Department of

Mathematics


Seminar Calendar
for events the day of Tuesday, November 7, 2017.


1:00 pm in 345 Altgeld Hall,Tuesday, November 7, 2017

A direct solution to the Generic Point Problem

Andrew Zucker (Carnegie Mellon)

Abstract: We provide a new proof of a recent theorem of Ben-Yaacov, Melleray, and Tsankov. If $G$ is a Polish group and X is a minimal, metrizable $G$-flow with all orbits meager, then the universal minimal flow $M(G)$ is non-metrizable. In particular, we show that given $X$ as above, the universal highly proximal extension of $X$ is non-metrizable.

1:00 pm in 347 Altgeld Hall,Tuesday, November 7, 2017

Mathematics of collective behavior and self-organized dynamics

Roman Shvydkoy (University of Illinois at Chicago)

Abstract: We discuss a new class of hydrodynamic models arising in studies of self-organized dynamics of agents. These models belong to the class of fractional parabolic equations with (critical) drift and present unique challenges from the analytical prospective. We will show how these models can be used to prove two observable phenomena: alignment (such as consensus of opinions) and flocking (such as swarming of animals).

3:00 pm in 345 Altgeld Hall,Tuesday, November 7, 2017

An Extreme Value Approach to the Pricing and Basis Risk Characterization of ILS

Zhongyi Yuan (Pennsylvania State University Smeal College of Business)

Abstract: Insurance-Linked Securities (ILS) as a channel to transfer catastrophe risks to the capital market have been widely used by insurers to enhance their risk bearing capacity. They have developed from covering one single area/peril to multiple, and in the meantime, while traditional ILS are typically linked to natural catastrophe risks only, recent innovations have introduced ILS that are also linked to broader financial risks. We propose a general pricing framework with a pricing measure that combines a risk-neutral measure, which prices the financial risks, and a distorted measure, which prices the natural catastrophe risks. We then use Catastrophe (CAT) bonds as an example to discuss their pricing. Furthermore, since the hedging by ILS may not be a perfect one for insurers, we propose two models to characterize the hedging basis risk, using dual-triggered Industry Loss Warranties (ILW) as an example. In our analysis we employ an extreme value approach to approximate the distribution of the ILS triggers. Finally, we show a few numerical examples to illustrate the results.

3:00 pm in 241 Altgeld Hall,Tuesday, November 7, 2017

Disjoint cycles in graphs with bounded independence number

Michael Santana (GVSU Math)

Abstract: In 1963, Corrądi and Hajnal showed that for every positive integer $k$, each graph on at least $3k$ vertices with minimum degree at least $2k$ must contain $k$ vertex-disjoint cycles. This result is sharp in terms of both the number of vertices and the minimum degree. Recently, Kierstead, Kostochka, and Yeager characterized the sharpness examples of this statement, in which the main family of sharpness examples contains a 'large' independent set. Thus, it natural to believe that one can further lower the minimum degree of Corrądi-Hajnal and still obtain $k$ vertex-disjoint cycles, provided the indepence number of graph is not too big. Recent work by Balogh et al. has shown this to be true when the graph is 'dense' (i.e., $k \approx n/3$). In this talk, we will explore a sparse version of this result, and present several other possible extensions to chorded cycles as well as a 'mixed' version.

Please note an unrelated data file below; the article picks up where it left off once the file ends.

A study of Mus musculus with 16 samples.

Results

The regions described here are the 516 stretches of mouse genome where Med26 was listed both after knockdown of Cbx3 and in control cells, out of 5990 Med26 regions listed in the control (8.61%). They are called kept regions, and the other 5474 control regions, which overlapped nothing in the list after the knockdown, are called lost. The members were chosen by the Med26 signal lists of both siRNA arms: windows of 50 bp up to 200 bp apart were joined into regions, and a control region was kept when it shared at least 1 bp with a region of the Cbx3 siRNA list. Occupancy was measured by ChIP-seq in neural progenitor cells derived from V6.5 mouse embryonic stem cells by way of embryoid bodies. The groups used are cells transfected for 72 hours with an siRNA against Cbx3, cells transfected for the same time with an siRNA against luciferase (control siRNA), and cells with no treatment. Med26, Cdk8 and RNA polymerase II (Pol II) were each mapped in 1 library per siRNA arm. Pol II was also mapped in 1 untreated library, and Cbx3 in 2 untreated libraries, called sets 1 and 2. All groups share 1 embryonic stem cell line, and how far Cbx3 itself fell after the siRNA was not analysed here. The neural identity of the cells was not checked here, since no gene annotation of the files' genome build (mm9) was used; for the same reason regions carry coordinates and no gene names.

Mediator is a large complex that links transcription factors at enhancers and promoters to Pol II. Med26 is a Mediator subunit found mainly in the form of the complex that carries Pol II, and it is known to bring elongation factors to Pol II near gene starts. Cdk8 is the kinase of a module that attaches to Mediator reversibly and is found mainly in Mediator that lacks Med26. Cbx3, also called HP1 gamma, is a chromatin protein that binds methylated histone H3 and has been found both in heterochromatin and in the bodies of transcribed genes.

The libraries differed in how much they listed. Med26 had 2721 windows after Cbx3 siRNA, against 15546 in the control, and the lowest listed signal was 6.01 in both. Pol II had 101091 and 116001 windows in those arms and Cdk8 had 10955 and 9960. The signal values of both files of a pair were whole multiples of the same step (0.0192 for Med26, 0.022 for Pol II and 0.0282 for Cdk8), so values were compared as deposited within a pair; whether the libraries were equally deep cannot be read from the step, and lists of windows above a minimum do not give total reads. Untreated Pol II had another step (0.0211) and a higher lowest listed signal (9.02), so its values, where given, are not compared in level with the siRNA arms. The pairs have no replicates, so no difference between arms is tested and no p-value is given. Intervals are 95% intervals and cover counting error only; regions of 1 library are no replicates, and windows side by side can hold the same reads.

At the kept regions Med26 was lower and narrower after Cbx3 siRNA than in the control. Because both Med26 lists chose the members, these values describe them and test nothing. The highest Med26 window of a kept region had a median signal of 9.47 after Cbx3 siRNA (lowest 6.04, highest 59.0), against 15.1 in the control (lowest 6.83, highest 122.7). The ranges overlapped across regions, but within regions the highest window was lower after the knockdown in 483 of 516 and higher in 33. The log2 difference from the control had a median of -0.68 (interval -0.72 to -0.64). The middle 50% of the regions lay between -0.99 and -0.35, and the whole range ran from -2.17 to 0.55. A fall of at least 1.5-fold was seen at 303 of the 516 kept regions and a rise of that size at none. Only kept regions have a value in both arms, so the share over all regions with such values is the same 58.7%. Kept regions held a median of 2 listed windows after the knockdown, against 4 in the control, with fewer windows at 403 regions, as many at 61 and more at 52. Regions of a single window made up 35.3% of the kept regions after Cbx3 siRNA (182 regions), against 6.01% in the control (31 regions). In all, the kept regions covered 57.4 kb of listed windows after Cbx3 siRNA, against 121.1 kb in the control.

3:00 pm in 243 Altgeld Hall,Tuesday, November 7, 2017

Irreducible components of exotic Springer fibers

Daniele Rosso (Indiana University Northwest)

Abstract: The Springer resolution is a resolution of singularities of the variety of nilpotent elements in a reductive Lie algebra. It is an important geometric construction in representation theory, but some of its features are not as nice if we are working in Type C (Symplectic group). To make the symplectic case look more like the Type A case, Kato introduced the exotic nilpotent cone and its resolution, whose fibers are called the exotic Springer fibers. We give a combinatorial description of the irreducible components of these fibers in terms of standard Young bitableaux and obtain an exotic Robinson-Schensted correspondence. This is joint work with Vinoth Nandakumar and Neil Saunders.

4:00 pm in 245 Altgeld Hall,Tuesday, November 7, 2017

Abstract: The purpose of this initial conversation is to identify things which are going well in our large classes, things which are not going well, and ways in which we could make these classes easier to teach and better for students. Anyone with experience or interest in large lecture teaching is encouraged to attend.

6:30 pm in 1320 DCL,Tuesday, November 7, 2017

The SOA Curriculum Changes

Stuart Klugman, FSA, CERA, PhD (SOA Senior Staff Fellow, Education)

Abstract: With a unique perspective on the exams and modules, Stuart will discuss changes to the SOA curriculum. Stuart Klugman (FSA, CERA, PhD) is a Senior Staff Fellow in the Education Department at the SOA, a position he has held since 2009. From 1974-2009 he was a professor at The University of Iowa and Drake University, retiring from Drake as the Principal Financial Group Distinguished Professor of Actuarial Science. He has co-authored/edited three books used on SOA exams, published numerous research papers, and served two terms on the SOA Board of Directors. He co-chaired the committee that developed the 2005-2007 exam changes and provided staff support for the 2018 changes. He is a two-time recipient of the SOA’s Presidential Award.